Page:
Kim Shui Explores a Softer Sexy for FW20

Kim Shui Explores a Softer Sexy for FW20

The celebrated designer, a favorite of the fashionable crowd, presents a more subtle aesthetic for Fall/Winter 2020.

The celebrated designer, a favorite of the fashionable crowd, presents a more subtle aesthetic for Fall/Winter 2020.

Text: Alex Blynn

Cool girls wear Kim Shui. It’s just a fact. Gigi and Bella, Kehlani, Rico Nasty, Azealia Banks. Shui’s pieces are often body-hugging, artfully decorated pieces of art, and available in many sizes, allowing anyone to look — and feel — the kind of sexy Shui herself exudes: confidently sensual with an unmistakable air of mystique. Her creativity, expert tailoring, and personal je ne sais quoi have won Shui accolades everywhere, from boardrooms to dance halls, and is why so many women feel both empowered and seductive in a Kim Shui creation. 

This season, Shui introduced her FW2020 collection to a lively crowd of New York’s chicest, who were clapping and shouting before the first model had even stepped foot on the catwalk. Keeping true to her culturally diverse upbringing — Shui is of Chinese descent and was raised in Europe and the U.S. — the line’s models were as diverse, body-positive, and beautiful as ever (and included trans model, Jovel). 

“I feel like Kim predicts so much in fashion,” model Liz Harlan tells V (Harlan is a Shui muse who’s walked for the line and attends every runway show). “She's able to tap into what 21st century women want. Her clothes are always a celebration of culture. She chooses to show visibility through her castings and her runways, and you can tell they feel great in the clothes during the show. Kim is inclusive of everyone, regardless of size, age, race, gender, sexuality. I’m always proud of her, and this season is no different!”

For Shui, “this season was really about looking at transformations and life cycles,” she tells V. “Dressing sexy but in a different way.”

And it certainly was that. Shui’s normally revealing tops and bottoms were replaced with more modest cuts, yet retained their signature high-quality materials and distinctive Asian-inspired patterns. FW20 presents a softer side to Shui sexiness (it’s still very sexy, though!), a shift into more layered, longer looks with more subtle details. Silk trousers that ballooned from mid-thigh to bottom had gorgeous natural flow, and were paired with smartly tailored pinstripe blazers for a sexy business aesthetic. Zip-up tops with butterfly brocade patterned pants. And as this is fall, after all, Shui took a dive back into her work in outerwear (an old specialty of hers), with wooly, floor-length coats and belted jackets. There was a feeling of maturation, of the Kim Shui line coming into its own, and moving steadily into the new decade.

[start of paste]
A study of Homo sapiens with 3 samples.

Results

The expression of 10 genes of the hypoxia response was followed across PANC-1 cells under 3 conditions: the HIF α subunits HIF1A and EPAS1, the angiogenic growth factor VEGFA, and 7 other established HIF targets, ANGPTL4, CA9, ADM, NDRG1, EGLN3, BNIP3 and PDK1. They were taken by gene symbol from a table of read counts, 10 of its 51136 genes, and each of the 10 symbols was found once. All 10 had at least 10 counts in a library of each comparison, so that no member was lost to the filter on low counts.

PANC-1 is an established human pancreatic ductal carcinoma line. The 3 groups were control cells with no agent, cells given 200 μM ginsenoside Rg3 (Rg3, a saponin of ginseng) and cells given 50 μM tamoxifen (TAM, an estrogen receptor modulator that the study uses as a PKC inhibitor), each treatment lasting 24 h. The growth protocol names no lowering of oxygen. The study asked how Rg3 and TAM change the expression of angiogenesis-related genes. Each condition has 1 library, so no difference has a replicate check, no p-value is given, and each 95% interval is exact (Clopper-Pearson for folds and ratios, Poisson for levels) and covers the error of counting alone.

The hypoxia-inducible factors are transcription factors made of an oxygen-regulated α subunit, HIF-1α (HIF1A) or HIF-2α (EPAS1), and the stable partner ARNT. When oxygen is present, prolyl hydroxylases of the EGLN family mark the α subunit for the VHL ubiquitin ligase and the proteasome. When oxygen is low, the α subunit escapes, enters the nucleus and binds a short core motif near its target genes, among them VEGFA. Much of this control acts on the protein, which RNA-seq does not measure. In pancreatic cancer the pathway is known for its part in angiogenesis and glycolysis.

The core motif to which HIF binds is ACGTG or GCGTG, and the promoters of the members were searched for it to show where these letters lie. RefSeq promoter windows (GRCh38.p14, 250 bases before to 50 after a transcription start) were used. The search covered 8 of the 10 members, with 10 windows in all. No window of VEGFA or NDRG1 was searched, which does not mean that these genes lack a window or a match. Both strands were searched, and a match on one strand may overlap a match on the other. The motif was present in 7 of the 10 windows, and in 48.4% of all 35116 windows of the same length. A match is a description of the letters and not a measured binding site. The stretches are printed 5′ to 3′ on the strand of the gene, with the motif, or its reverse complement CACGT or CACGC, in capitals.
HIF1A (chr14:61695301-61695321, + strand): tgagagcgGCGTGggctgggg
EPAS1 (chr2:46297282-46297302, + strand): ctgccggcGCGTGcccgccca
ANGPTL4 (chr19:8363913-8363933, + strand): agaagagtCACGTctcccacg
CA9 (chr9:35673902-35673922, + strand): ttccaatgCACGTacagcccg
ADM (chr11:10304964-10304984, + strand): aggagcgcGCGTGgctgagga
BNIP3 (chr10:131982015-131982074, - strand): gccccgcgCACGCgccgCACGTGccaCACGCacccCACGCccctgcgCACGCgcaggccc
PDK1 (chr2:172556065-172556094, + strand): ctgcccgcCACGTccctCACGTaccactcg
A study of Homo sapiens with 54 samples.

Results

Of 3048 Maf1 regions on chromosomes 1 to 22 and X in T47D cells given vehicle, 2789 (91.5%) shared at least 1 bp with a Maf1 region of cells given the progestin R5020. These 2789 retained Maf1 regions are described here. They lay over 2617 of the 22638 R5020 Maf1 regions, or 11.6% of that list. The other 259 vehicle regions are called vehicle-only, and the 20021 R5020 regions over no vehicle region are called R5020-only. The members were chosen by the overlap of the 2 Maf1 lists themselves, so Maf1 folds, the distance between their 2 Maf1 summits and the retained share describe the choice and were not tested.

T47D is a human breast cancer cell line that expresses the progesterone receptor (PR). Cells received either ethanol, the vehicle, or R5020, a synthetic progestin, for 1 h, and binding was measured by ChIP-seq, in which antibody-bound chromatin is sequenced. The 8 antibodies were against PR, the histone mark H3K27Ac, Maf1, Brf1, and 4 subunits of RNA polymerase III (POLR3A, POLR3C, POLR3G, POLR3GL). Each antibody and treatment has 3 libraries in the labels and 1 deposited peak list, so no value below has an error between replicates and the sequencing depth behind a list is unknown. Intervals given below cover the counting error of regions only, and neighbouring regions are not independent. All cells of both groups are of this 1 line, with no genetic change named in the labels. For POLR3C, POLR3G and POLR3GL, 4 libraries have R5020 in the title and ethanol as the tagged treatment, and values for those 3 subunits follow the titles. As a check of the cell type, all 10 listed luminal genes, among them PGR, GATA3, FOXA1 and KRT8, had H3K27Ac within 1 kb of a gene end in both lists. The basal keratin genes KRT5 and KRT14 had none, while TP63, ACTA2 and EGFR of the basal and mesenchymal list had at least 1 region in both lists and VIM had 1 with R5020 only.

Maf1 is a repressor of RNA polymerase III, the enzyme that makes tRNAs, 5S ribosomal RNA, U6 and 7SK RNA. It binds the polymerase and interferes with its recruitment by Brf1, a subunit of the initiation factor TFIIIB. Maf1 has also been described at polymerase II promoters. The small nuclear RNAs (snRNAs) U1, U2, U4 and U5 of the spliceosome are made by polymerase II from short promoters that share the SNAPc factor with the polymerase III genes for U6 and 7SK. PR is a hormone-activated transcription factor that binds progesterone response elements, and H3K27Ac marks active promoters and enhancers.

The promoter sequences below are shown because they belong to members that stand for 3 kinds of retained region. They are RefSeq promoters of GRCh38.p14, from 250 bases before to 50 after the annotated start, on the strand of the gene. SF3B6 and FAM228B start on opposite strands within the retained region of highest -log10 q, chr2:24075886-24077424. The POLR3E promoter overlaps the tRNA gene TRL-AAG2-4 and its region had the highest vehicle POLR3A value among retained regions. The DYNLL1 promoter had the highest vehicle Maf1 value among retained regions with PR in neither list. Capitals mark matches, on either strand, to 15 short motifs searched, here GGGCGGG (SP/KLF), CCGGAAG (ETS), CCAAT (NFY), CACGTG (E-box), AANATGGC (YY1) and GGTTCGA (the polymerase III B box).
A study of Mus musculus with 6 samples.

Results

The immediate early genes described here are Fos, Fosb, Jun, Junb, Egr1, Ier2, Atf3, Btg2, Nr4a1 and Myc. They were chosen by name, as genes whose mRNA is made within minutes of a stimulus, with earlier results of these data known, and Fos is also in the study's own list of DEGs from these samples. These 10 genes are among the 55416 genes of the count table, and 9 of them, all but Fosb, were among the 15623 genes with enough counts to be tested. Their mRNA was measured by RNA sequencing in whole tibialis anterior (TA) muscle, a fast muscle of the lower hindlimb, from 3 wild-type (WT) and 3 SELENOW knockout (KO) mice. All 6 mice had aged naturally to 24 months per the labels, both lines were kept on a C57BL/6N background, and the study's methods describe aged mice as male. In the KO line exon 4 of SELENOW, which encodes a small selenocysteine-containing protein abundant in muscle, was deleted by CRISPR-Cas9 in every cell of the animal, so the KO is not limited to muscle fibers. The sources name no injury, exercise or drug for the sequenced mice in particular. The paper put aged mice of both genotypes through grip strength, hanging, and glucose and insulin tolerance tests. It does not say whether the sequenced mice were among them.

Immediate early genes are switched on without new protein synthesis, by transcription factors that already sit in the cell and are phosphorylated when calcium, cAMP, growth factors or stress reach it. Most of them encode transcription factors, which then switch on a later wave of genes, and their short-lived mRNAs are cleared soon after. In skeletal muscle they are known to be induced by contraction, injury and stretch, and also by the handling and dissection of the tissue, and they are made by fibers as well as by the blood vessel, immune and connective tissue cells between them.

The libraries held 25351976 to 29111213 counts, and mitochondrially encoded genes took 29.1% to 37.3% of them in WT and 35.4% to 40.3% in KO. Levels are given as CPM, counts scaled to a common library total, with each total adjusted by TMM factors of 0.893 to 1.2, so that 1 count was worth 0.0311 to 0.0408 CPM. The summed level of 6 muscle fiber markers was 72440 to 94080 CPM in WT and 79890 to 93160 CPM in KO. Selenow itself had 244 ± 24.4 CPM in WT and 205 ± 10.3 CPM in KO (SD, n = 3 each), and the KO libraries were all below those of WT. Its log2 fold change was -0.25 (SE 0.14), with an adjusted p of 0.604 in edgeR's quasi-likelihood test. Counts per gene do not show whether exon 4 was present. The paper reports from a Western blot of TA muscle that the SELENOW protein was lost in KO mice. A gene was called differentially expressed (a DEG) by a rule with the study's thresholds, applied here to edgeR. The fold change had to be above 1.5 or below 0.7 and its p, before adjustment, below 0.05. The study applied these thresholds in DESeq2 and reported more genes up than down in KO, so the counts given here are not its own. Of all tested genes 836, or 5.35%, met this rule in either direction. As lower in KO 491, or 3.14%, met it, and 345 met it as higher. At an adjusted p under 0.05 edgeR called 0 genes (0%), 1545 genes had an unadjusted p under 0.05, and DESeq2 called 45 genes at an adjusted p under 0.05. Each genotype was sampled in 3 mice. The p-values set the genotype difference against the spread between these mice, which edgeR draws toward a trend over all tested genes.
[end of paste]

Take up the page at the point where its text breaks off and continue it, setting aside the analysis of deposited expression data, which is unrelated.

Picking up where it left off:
Isabelle Chaput, one half of celebrated fashion duo the Young Emperors along with her partner Nelson Tiberghien, is a longtime supporter of the brand and sat in the front row with her beau. “Kim has this incredible talent of being able to mix bold patterns, textures, and colors together into a look that is sexy, cool, and always chic,” she tells V. “And those amazing Chinatown studded headscarves were just the cherries on top this season!”

“I was looking at Justin Morin's fabric sculptures,” Shui explains of her process. “I was paying attention to how they become like draped paintings. And of course I reference ancient Chinese Empress dresses, and I looked at a lot of traditional brocades and silk patterns. But I think because I grew up in Rome and being of Chinese background and then moving to New York, I haven't been putting enough New York energy into my collections. So I also played a little bit more with that; for example, the headscarves we did, we cut up t-shirts we found in Chinatown. We made oversized reading glasses and clipped on chains with jade pieces falling off from them. We reworked classic Adidas sneakers into stiletto heels. So it was a collaborative, DIY vibe. I tried to make it look like you might have gotten one of my pieces from Chinatown for $10, but it also could be expensive at the same time. I love that dichotomy!”